Minnesota escaped with a split, the South Siders get a breather, then Milwaukee

MLB: Minnesota Twins at Chicago White Sox
Chicago White Sox relief pitcher Codi Heuer looks on after Minnesota Twins shortstop Jorge Polanco hit a three-run home run during the sixth inning at Guaranteed Rate Field.
Matt Marton-USA TODAY Sports

The White Sox had a hard time finding their groove tonight, losing to the Minnesota Twins, 7-2. Maybe it was exhaustion, maybe the Twins outplayed them, or maybe they saw the retirement announcement from their (and our) friend Yermín Mercedes. No matter, they didn’t have it. Even with 10 hits from the Sox and two errors on the Twins side, the South Siders could only get two runs across home plate. Chicago and Minnesota split the series, 2-2.

The pitching was the bigger issue tonight. Dylan Cease struggled to find command early in the game. He pitched five innings, gave up seven hits, and had three earned runs. He threw 92 pitches, and 55 of them for strikes. Cease’s performance wasn’t spectacular, although it certainly wasn’t the worst we’ve seen from him. But had he been able to go longer into the game, the outcome would definitely be different. The problems started when the ball was handed over to the bullpen.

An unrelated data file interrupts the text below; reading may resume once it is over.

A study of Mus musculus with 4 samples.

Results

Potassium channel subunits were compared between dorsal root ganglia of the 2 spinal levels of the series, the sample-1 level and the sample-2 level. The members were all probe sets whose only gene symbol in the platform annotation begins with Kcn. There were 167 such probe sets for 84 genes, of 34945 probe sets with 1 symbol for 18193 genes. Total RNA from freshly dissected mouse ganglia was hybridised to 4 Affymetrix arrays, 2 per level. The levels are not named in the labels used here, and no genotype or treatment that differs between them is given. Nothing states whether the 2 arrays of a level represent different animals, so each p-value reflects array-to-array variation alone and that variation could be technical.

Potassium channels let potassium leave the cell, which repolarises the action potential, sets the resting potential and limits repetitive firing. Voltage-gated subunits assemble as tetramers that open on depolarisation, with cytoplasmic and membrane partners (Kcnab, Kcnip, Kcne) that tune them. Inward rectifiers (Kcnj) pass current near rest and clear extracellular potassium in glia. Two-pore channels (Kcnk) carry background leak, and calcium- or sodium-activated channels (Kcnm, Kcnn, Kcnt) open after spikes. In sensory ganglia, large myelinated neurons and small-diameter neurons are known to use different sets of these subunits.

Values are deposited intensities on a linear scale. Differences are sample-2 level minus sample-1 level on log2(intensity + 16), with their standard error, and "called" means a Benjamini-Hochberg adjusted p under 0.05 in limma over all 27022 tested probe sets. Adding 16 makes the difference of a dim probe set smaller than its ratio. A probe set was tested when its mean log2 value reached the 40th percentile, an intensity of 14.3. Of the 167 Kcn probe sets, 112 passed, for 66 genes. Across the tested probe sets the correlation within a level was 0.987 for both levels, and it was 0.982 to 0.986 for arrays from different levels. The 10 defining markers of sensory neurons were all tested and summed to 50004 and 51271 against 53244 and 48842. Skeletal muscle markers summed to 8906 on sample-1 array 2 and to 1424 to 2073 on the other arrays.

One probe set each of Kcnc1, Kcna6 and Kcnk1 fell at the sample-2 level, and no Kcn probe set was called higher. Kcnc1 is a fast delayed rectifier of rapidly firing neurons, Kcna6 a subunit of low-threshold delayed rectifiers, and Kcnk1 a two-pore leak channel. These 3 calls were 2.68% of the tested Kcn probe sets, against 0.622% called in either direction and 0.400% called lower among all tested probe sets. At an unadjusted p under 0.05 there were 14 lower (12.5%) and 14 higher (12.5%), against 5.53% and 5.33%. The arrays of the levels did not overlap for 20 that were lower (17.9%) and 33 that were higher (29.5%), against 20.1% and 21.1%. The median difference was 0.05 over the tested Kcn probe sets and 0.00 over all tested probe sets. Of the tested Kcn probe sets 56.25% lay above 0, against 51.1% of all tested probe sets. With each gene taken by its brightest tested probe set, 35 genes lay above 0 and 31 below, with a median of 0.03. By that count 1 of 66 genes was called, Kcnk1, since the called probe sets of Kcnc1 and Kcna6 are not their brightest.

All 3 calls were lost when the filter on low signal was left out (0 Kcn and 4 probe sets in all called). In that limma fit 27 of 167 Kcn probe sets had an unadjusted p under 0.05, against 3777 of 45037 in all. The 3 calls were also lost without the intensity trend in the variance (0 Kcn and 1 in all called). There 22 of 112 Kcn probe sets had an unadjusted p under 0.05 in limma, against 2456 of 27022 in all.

The White Sox bullpen has had shining moments this year, but it is currently the pain point on the team and with the fans. If the White Sox Twitterverse is right, Chicago will be going after a right-handed reliever to help take care of the problems like we saw tonight.

Codi Heuer took over for Cease in the sixth inning, He gave up one walk, two hits including a home run, and surrendered three earned runs. José Ruiz and Garrett Crochet closed out the last three innings, giving up two hits and one earned run between the two. Heuer can pitch well — we’ve all seen what he can do — but Ethan Katz definitely needs to work with him if the Sox don’t find the reliever they’re looking for in the trade pool.

Although he ground into a double play to end the game, Tim Anderson was the highlight of the lackluster offensive night. He went 2-for-4 with two stolen bases. Andrew Vaughn and Billy Hamilton joined the shortstop in the two-hit club. The only two players who did not tally a hit were the No. 7 and 8 spots, Jake Burger and Zack Collins.

Minnesota’s offense was somewhat dependent on the long ball. Home runs from Max Kepler and Jorge Polanco accounted for four of Minnesota’s seven runs. The Twins collected 11 hits, three walks, and struck out nine times. Coupled with that output, iut was one of the better outings for Minnesota starter Miguel Pineda. He went five innings, gave up four hits, and struck out three. He dropped his ERA from 4.11 to 3.93 on the year.

The White Sox are now 58-38 and have an 8 12 -game lead on the American League Central. Cleveland gained a game on Chicago after pulling out a tough win against the Houston Astros. The White Sox are 7-3 in their last 10 games.

The Sox take the day off tomorrow. Lucas Giolito looks to silence the first-place Milwaukee Brewers on Friday.

Could this next series possibly be a future World Series matchup? Only if the White Sox aid some pitching depth. The game starts Friday evening at 7:10 p.m. CST.

And finally, a P.S.A: Please STOP running onto the field during the game ... or ever. It isn’t cool. Don’t be that person. No one likes that person.